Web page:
Delta Alpha Pi president helps others learn about disabilities

Published Feb. 9, 2015
Story and photos by Derek Poore

Marie Claire Dwyer

English major Marie Claire Dwyer leads a meeting of EPIC, Mizzou's undergraduate literary arts magazine.

Attending college. Moving out on your own. Entering the chaotic world of university life, where you must balance social, academic and career needs, could be difficult for even the most focused and diligent students.

But imagine entering that world with disabilities.

For Marie Claire Dwyer, a Mizzou English major with an eye toward law school, living with attention deficit hyperactivity disorder (ADHD) and hyperhydrosis — a condition that causes a person to sweat uncontrollably — only added to the challenges she faced coming to college.

Dwyer hasn’t let the fact that she is a student with disabilities preclude her from taking on busy course loads, leadership positions in multiple student organizations and being heavily involved in the Phi Mu sorority.

“I used to hide my disability. I was hesitant to acknowledge it to anyone,” Dwyer said. “Now I’m more confident in myself.”

Dwyer said one big help was the Mizzou Disability Center, which she said helped her navigate campus life and learn how to get additional help completing her class work.

Marie Claire Dwyer

Dwyer says her Mizzou experience, including leadership roles in student organizations, helped her develop confidence.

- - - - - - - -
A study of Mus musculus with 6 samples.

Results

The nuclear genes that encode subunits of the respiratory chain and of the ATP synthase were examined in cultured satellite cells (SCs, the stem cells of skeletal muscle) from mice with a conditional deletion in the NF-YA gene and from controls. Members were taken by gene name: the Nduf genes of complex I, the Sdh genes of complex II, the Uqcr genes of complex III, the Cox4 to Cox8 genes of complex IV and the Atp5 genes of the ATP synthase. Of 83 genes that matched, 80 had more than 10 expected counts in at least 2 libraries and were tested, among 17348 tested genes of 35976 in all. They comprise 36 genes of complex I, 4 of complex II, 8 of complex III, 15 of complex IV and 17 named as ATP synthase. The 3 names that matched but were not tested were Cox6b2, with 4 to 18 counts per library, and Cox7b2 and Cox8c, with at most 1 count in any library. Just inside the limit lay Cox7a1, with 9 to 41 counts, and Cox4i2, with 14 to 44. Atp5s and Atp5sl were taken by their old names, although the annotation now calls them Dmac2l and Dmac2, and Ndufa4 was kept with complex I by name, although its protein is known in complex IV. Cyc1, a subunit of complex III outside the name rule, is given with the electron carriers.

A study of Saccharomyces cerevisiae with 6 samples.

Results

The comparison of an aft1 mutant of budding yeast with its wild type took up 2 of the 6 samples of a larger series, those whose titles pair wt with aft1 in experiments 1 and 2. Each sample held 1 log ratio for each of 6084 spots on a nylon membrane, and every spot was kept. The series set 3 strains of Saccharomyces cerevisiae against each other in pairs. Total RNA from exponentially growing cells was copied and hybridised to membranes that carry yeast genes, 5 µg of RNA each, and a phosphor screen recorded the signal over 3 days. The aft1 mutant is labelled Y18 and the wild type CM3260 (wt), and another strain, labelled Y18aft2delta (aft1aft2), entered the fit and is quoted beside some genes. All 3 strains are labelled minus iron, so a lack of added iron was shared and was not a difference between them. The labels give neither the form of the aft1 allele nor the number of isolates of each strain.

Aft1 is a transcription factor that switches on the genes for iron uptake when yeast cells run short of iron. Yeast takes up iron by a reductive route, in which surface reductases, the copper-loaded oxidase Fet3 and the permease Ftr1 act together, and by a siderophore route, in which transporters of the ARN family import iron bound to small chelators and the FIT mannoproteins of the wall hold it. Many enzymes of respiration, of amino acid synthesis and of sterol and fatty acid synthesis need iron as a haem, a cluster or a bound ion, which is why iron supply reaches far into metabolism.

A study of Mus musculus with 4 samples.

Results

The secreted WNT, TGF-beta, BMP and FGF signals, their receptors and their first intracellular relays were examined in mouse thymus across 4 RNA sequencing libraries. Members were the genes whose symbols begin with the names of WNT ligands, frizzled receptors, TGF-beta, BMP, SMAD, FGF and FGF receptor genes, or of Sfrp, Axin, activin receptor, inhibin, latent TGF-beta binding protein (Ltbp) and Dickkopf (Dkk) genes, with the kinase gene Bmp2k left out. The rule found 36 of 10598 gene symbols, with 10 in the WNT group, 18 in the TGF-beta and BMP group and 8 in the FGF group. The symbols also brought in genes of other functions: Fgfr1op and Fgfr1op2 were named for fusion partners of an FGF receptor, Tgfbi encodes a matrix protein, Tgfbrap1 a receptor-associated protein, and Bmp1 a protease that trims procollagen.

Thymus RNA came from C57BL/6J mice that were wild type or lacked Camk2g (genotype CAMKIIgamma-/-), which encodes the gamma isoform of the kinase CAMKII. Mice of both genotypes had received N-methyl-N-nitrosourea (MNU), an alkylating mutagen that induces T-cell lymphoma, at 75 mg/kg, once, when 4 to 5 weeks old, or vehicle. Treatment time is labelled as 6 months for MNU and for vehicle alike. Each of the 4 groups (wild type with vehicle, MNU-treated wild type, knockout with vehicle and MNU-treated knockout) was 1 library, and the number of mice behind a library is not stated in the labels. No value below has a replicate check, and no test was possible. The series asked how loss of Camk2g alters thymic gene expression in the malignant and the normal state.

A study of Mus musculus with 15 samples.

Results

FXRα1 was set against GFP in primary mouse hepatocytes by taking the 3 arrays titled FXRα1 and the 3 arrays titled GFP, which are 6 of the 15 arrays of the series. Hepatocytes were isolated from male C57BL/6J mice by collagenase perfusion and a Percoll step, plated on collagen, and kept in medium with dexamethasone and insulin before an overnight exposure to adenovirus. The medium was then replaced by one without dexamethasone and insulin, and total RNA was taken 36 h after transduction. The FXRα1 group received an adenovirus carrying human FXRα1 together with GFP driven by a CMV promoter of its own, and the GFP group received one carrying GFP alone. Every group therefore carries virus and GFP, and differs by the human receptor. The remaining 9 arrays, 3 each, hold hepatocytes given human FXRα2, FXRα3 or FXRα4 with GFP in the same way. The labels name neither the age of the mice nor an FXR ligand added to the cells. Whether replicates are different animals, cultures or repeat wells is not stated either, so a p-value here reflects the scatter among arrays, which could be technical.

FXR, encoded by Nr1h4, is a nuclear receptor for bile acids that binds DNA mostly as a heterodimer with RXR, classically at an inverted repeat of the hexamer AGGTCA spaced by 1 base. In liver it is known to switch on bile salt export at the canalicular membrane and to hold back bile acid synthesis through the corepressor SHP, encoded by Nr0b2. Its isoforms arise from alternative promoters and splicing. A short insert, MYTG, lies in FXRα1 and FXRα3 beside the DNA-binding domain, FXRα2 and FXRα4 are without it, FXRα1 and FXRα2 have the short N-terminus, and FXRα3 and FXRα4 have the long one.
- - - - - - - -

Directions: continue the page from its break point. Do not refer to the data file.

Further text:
As a child, Dwyer would often receive poor grades, but not for a lack of effort. Teachers would often comment on how hard she worked, but didn’t know why her grades were not improving.

Education about people living with ADHD has progressed rapidly in recent years, said Dwyer, who group up in greater St. Louis. “No one actually thought a rambunctious child might have a learning disability.”

After being diagnosed with ADHD in middle school, Dwyer’s parents helped her learn how to live with the condition. In high school, she often would need twice as much time or longer to complete tests as other students. She took copious notes and learned how to focus on homework.

She has become heavily involved with various student organizations as means of social connection, and is also president of Delta Alpha Pi, an honors society for students with disabilities.

Dwyer said she loves helping others learn about disabilities, especially when she is part of forums on campus. “People are terrified to ask questions. But in an open forum they love to ask questions,” she said.

Some days she will have four meetings back-to-back. She has leadership roles in student organizations within the English department. Throw in class and homework and Dwyer’s schedule is always teeming with responsibilities.

Education at Mizzou, for her career and her disabilities, has brought Dwyer great confidence. Before, she would shy away from talking about her disabilities; now she is an open book.

“Some people misunderstand” people living with disabilities, Dwyer said. “But I don’t care what they say about me or what they say to me.”